Jacoulot 20 Year Old Fine de Bourgogne (750ml)

SKU #1333919

Distilled from "clair de lie" or complete vinified wine (less the sulfites that are typically added), Fine de Bourgogne doesn't differ much from cognac in terms of how it's distilled. Instead of using ultra high yielding white grapes to produce the wine, Jacoulot is using ready to bottle Pinot Noir from some of the finest vineyards in the Côte de Beaune. The wine is distilled on small copper pot-stills before being aged, like their Marc, in various sized barrels for decades at a time. The Fine has an elegance and grace that is lost in the intense flavors of the Marc. While this won't have the characteristic bite of Jacoulot's other products, it will suit the palate of any lover of cognac or even armagnac thanks to the quality and complexity achieved after more than 20 years of aging. Any absolutely stunning example of why brandy is becoming one of the hottest categories in the store. Very limited availability.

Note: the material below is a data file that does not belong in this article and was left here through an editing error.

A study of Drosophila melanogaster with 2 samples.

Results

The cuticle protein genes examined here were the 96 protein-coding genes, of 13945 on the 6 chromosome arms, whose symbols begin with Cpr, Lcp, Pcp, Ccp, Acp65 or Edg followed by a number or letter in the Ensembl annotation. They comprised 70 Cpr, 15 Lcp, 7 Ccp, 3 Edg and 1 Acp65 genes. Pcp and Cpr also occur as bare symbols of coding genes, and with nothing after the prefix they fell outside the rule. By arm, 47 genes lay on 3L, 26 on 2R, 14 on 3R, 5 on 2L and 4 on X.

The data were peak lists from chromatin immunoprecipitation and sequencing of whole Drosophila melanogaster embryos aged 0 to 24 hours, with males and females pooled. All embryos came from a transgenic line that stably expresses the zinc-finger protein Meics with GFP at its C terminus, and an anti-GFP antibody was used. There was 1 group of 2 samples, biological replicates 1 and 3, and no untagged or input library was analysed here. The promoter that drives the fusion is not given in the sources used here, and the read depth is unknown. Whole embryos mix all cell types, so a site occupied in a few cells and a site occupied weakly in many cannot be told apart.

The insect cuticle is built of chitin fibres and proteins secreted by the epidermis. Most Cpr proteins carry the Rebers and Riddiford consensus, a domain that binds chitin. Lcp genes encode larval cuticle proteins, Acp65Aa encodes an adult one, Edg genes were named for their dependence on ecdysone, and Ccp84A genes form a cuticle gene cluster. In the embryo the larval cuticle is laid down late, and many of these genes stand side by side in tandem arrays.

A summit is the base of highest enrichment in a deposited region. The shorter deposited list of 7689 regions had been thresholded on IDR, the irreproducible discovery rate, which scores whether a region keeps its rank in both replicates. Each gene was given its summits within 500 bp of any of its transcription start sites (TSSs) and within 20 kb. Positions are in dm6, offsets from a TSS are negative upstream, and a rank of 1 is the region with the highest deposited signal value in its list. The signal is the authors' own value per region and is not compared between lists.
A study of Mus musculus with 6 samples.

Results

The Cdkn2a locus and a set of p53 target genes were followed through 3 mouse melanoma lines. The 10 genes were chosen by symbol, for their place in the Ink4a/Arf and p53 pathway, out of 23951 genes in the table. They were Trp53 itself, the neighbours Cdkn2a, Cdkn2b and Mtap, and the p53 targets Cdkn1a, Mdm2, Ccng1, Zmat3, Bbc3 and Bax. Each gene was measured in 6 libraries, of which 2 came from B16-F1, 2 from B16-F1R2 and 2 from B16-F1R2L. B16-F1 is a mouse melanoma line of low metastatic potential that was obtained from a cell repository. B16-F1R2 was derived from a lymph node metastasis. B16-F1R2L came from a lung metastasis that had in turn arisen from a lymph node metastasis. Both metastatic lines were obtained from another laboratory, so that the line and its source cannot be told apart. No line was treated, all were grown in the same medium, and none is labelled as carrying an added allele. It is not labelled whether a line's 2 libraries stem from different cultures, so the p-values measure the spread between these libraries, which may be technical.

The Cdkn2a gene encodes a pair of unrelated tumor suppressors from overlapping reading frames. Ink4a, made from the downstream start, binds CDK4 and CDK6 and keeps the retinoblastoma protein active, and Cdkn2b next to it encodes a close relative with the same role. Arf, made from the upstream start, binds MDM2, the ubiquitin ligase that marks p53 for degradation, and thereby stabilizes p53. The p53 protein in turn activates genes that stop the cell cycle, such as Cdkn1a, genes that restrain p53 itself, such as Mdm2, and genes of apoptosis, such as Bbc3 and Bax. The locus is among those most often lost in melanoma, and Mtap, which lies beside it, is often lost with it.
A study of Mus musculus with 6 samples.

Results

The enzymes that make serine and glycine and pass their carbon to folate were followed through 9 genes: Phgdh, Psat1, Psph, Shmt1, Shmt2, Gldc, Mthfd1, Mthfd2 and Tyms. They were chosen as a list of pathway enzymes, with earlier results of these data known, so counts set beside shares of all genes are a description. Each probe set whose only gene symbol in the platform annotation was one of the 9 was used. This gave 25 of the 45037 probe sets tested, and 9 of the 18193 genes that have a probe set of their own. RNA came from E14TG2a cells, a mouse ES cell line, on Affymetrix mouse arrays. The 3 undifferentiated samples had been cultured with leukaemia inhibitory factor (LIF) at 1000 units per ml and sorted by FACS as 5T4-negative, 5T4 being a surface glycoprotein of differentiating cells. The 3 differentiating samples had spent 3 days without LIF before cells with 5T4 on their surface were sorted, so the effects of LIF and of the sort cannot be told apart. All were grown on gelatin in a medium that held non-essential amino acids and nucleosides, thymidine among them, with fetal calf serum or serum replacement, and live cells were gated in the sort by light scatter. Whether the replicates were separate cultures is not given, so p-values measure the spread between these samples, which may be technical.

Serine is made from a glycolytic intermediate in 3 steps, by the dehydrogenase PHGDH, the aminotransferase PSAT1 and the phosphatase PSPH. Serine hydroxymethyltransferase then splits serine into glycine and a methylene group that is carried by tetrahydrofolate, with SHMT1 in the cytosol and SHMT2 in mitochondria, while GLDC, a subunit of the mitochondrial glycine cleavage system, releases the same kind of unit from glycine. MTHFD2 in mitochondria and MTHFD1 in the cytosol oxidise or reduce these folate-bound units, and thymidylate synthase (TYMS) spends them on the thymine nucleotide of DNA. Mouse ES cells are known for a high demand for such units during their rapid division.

Share |
Price: $169.99
Add To Waiting List

Real Time Inventory by location:

The item you have chosen is not in stock in our retail stores or within our main warehouse.

Product turnaround time varies by location of inventory and your chosen method of shipping/pickup. For a detailed explanation click here.

Additional Information:





- When it comes to wine, France stands alone. No other country can beat it in terms of quality and diversity. And while many of its Region, Bordeaux, Burgundy and Champagne most obviously, produce wine as rare, as sought-after and nearly as expensive as gold, there are just as many obscurities and values to be had from little known appellations throughout the country. To learn everything there is to know about French wine would take a lifetime. To understand and appreciate French wine, one only has to begin tasting them.


- The province of eastern France, famous for its red wines produced from Pinot Noir and its whites produced from Chardonnay. (Small of amounts of Gamay and Aligoté are still grown, although these have to be labeled differently.) The most famous part of the region is known as the Côte d'Or (the Golden Slope). It is divided into the Côte de Beaune, south of the town of Beaune (famous principally for its whites), and the Côte de Nuits, North of Beaune (home of the most famous reds). In addition, the Côte Chalonnaise and the Mâconnais are important wine growing regions, although historically a clear level (or more) below the Côte d'Or. Also include by some are the regions of Chablis and Auxerrois, farther north.